Herald on unitary plan

The Herald provides a guide to the :

Height is at the top of many people’s minds with the Unitary Plan.

Whether it’s walls of apartments on the ridges overlooking Browns Bay or 18-storey high rises in Newmarket, the council is facing a chorus of complaints.

Buildings in central Auckland will have no height restriction, and 10 metro centres such as Takapuna, Henderson, Botany and Newmarket will have an 18-storey limit. In another 37 town centres, the limit will be eight, six and four storeys, and in local centres, such as Mt Eden, it will be three or four storeys.

To prevent a canyon effect, any buildings of four storeys or more will have to be set back from the street and require resource consent.

After nine weeks of saying the maximum height of “small scale apartment buildings” in the residential “mixed housing” zone was two storeys, it emerged last week that the height limit is three storeys.

That omission of the real height limit is what has destroyed a lot of trust.

The days of “shoebox” apartments are back with plans to reduce the minimum apartment size from 35sq m to 30sq m, plus a minimum balcony space of 8sq m.

I’m not sure there should be a minimum size at all. If someone wants to live in a 25 square metre apartment, then let them.

The proposed rewrite of Auckland’s tarnished heritage rules leaves power in the hands of unelected bureaucrats and shuts out the public.

This is the view of the Character Coalition – a group of heritage and community organisations – that called for Auckland to follow Brisbane, which prevents demolition of pre-1945 houses unless the owner can make a case. The public have a say in the process.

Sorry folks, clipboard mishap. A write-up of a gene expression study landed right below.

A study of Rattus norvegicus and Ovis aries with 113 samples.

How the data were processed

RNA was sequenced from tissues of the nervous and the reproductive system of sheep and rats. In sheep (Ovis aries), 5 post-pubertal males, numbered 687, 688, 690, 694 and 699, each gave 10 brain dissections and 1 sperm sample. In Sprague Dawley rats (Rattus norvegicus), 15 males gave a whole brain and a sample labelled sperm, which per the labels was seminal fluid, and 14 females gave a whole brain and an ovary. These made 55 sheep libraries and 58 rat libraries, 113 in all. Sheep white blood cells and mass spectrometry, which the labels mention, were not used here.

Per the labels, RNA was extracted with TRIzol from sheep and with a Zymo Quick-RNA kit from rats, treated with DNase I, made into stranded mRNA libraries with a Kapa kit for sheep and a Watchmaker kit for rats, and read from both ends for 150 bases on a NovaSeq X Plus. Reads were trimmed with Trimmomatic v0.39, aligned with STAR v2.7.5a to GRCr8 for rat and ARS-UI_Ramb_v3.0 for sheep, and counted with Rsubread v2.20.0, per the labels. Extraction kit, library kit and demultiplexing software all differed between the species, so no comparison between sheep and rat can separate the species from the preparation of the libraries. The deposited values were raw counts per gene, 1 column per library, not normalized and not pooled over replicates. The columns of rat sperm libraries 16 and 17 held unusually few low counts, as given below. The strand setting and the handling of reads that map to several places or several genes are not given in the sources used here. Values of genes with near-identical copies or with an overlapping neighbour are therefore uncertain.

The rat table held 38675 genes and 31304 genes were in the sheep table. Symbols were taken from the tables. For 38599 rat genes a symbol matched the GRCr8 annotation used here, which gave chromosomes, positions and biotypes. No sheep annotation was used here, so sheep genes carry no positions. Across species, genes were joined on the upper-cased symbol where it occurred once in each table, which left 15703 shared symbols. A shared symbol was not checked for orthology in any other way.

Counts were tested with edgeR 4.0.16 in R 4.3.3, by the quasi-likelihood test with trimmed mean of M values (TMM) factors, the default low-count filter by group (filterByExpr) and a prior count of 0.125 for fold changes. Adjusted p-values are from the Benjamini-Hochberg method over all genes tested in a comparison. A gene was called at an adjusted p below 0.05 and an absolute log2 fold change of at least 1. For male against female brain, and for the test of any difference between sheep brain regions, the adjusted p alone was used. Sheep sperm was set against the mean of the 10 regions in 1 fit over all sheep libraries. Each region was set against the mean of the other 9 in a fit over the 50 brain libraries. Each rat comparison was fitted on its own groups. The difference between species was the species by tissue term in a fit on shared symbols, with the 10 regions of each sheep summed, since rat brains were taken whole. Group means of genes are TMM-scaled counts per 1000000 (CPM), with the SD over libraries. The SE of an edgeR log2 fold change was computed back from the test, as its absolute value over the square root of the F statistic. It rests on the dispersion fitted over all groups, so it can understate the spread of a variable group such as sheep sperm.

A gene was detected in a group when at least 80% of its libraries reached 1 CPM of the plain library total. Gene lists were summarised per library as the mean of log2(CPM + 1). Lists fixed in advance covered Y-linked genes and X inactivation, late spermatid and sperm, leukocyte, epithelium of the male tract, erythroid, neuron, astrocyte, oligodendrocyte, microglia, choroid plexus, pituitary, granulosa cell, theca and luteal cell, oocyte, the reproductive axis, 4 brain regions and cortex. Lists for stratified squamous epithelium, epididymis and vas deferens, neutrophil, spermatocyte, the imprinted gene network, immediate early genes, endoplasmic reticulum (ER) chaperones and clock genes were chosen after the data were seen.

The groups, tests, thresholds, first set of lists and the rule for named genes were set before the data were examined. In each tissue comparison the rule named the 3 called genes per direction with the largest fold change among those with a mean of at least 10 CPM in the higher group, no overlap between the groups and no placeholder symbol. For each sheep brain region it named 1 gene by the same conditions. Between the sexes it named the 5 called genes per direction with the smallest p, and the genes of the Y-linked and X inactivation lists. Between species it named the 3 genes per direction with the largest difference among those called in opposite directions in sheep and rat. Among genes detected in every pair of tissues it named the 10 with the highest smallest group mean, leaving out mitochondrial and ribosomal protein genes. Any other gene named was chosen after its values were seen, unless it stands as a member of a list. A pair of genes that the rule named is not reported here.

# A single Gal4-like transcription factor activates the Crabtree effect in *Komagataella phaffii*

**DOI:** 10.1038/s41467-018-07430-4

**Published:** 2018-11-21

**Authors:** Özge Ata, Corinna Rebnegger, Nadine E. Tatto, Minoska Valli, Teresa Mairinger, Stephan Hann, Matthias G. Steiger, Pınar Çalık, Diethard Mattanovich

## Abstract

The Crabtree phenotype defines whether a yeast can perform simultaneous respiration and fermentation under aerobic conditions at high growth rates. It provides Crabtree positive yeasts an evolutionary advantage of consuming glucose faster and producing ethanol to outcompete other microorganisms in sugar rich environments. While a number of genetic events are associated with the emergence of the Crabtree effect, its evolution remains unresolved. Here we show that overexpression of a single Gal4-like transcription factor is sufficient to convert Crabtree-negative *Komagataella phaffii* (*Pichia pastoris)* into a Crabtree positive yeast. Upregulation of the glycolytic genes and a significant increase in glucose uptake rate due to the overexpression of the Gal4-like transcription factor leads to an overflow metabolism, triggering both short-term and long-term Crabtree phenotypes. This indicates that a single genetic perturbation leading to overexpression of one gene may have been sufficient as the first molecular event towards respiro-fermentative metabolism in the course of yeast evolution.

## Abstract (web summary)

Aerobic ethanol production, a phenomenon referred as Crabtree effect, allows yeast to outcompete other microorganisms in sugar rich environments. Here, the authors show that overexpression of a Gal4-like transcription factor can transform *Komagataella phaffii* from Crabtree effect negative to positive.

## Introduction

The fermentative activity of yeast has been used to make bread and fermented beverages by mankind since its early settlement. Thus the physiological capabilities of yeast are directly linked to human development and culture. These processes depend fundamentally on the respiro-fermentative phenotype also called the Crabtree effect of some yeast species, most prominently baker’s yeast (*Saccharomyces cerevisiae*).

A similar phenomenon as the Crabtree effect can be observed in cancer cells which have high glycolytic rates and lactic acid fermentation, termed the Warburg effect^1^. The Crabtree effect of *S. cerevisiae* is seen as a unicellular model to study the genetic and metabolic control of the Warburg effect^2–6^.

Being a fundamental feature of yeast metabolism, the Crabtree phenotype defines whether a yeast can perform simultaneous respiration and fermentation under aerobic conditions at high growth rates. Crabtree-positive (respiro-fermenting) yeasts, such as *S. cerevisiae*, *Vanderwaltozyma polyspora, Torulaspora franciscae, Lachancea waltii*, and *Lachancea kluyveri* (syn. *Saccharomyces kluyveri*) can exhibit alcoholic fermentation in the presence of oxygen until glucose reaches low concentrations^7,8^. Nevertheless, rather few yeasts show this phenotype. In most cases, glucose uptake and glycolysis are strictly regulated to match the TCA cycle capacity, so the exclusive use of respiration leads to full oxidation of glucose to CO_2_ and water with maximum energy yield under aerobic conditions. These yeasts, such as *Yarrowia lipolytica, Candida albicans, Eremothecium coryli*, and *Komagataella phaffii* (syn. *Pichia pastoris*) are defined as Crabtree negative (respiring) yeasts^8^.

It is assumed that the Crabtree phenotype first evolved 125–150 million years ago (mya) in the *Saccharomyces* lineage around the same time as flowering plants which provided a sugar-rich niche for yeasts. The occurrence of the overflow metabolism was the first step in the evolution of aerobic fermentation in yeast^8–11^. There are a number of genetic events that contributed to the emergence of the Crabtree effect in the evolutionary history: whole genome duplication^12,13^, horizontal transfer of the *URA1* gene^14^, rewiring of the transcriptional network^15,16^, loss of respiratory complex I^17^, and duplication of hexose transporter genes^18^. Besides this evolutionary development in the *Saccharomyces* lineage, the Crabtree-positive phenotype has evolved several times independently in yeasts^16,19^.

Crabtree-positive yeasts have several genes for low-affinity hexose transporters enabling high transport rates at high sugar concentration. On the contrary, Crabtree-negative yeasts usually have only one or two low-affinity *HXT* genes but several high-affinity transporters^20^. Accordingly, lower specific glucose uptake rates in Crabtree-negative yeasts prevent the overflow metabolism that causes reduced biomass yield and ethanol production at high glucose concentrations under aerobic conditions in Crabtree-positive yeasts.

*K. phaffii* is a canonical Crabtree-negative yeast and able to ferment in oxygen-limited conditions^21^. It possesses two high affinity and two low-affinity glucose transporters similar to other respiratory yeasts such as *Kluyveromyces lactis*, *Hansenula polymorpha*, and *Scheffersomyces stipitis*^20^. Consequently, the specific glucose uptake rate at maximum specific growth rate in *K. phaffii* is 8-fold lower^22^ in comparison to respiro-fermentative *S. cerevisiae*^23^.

On a visit to Auckland in March, Queensland Government architect Malcolm Middleton said the Brisbane model had been considered radical when introduced 15 years ago, but was now largely accepted and worked for the amenity and value of character suburbs.

The rules in the draft Unitary Plan will see council or consultant planners using case law to decide if applications to demolish or remove a house would be publicly notified or not. The council says more applications will be publicly notified. When this method was used by the former North Shore City Council, two of 17 applications were notified in eight years.

The council has proposed widening the heritage net to pre-1944 houses outside the existing heritage character areas and requiring owners to obtain a resource consent for demolition. The council, however, says the public will have no say in this process and officers will make the call because many landowners bought in these areas knowing they were not heritage areas.

Mayor Len Brown and chief executive Doug McKay are refusing to release the documents of a political working party, that meets behind closed doors, used to draw up the heritage rules.

The documents should of course be released, before submissions close on 31 May.

I think extending the definition of heritage to all pre-1944 houses is daft. Old is not the same as heritage.

Michael Goudie, a 28-year-old councillor, was picked by Mayor Len Brown and Penny Hulse to fire up young people to counter the views of generally older “Nimbys” – Not in My Backyard.

But instead of a legitimate campaign to get teens and 20-somethings to jump on social media with their views, Brown and Hulse turned a blind eye when Goudie promoted an anonymous blog labelling the elderly as “selfish, arrogant and narrow-minded” who should “just hurry up and die”.